Maybe it’s just the way the process is structured, but seems to us unnecessary and even tragic that a small community like the City of Falls Church needs to be torn asunder every spring in the budget cycle by what comes down to very small sums of money, in a comparative sense, needed for very important things.
We are very pleased that in its wisdom the City Council here voted, albeit 4-3, to give the school system that final $340,000 it needed to achieve its objectives for the coming year. It took a long time, from the first of the year on the one hand, and from 7:30 p.m. Monday night until the final vote after 11 p.m. was held.
The final penny on the tax rate needed for that $340,000 averages out to $64 for the average household in the City, such average household having an assessed value of $643,900. Now, if one is living in more modest digs in the City, such as one half the value of the median, then the number that everyone was so exercised about Monday night added up to $32 per household a year. Notwithstanding the few remaining fast food joints in the City, it is hard for two people to go out to dinner once in an entire year and spend less than $32.
So, while the number was small, the impact was huge. According to the School Board, lacking that last penny’s value for the schools would have caused the loss of four teachers, because by that point, everything else had been reduced to the max, and the only remaining area to give on was salaries.
But in the context of these things – the contrast between the cost and the benefit – there was more acrimony in the deliberations, especially from a tiny group of anti-school funding citizens (note: they will never permit themselves to be called anti-school, only anti-school “funding”) whose voice became angrier and more shrill, though often on blogs and comments on the Internet, than we’ve seen in a long time.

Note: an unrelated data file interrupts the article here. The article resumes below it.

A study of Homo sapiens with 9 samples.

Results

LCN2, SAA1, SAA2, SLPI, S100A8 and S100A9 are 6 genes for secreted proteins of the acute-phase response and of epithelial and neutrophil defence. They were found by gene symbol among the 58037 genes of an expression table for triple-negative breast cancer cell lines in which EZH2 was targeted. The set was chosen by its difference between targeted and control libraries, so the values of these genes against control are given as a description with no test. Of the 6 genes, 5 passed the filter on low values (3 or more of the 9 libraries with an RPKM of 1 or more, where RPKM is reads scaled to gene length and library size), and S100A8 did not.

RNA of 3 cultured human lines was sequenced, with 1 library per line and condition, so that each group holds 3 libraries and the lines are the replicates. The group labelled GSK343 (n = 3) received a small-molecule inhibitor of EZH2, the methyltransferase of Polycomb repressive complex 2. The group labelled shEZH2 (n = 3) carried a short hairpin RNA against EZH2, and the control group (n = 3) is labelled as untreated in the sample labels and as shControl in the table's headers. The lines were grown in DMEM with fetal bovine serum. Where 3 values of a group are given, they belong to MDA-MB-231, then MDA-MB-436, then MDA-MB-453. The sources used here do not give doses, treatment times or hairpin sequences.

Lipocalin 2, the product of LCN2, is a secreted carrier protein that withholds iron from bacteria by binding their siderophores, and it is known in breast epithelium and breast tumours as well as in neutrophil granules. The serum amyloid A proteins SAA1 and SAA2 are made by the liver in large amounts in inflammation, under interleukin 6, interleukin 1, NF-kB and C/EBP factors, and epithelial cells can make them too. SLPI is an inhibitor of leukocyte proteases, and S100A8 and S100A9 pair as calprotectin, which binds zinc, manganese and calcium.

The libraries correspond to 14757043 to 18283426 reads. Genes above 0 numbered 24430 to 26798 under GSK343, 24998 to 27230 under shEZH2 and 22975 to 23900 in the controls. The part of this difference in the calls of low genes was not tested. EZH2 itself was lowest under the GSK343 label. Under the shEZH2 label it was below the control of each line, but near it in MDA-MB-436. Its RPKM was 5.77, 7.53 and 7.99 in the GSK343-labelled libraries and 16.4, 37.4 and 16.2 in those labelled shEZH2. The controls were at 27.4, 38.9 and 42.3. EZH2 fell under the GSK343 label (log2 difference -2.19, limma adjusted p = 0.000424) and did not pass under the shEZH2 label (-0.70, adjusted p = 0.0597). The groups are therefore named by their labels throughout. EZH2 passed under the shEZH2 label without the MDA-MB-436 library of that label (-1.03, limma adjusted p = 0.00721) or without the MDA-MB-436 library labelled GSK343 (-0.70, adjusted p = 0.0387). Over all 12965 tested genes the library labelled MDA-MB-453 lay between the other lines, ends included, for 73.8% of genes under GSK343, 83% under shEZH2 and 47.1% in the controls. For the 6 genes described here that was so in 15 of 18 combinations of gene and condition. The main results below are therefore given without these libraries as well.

It is regrettable that some of these same elements have made it known that this approach will continue all the way to the November City Council election, when three incumbents, Mayor David Tarter and Council members Nader Baroukh and Phil Duncan, will have to decide if it remains worth their while to seek re-election.
For our money, and we’ll put it out there right now, although we’ve not agreed with any of these three all the way, we’d be willing to support their re-election, if only to stand for the kind of civility we think this town deserves. Officially, we’ll wait to see who runs before making our formal endorsements this fall.
Shrill and ad hominem attacks on hard working and barely paid public servants (and that includes teachers) in this activist community will only serve, hopefully, to arouse the righteous indignation of more civil and community-minded folks.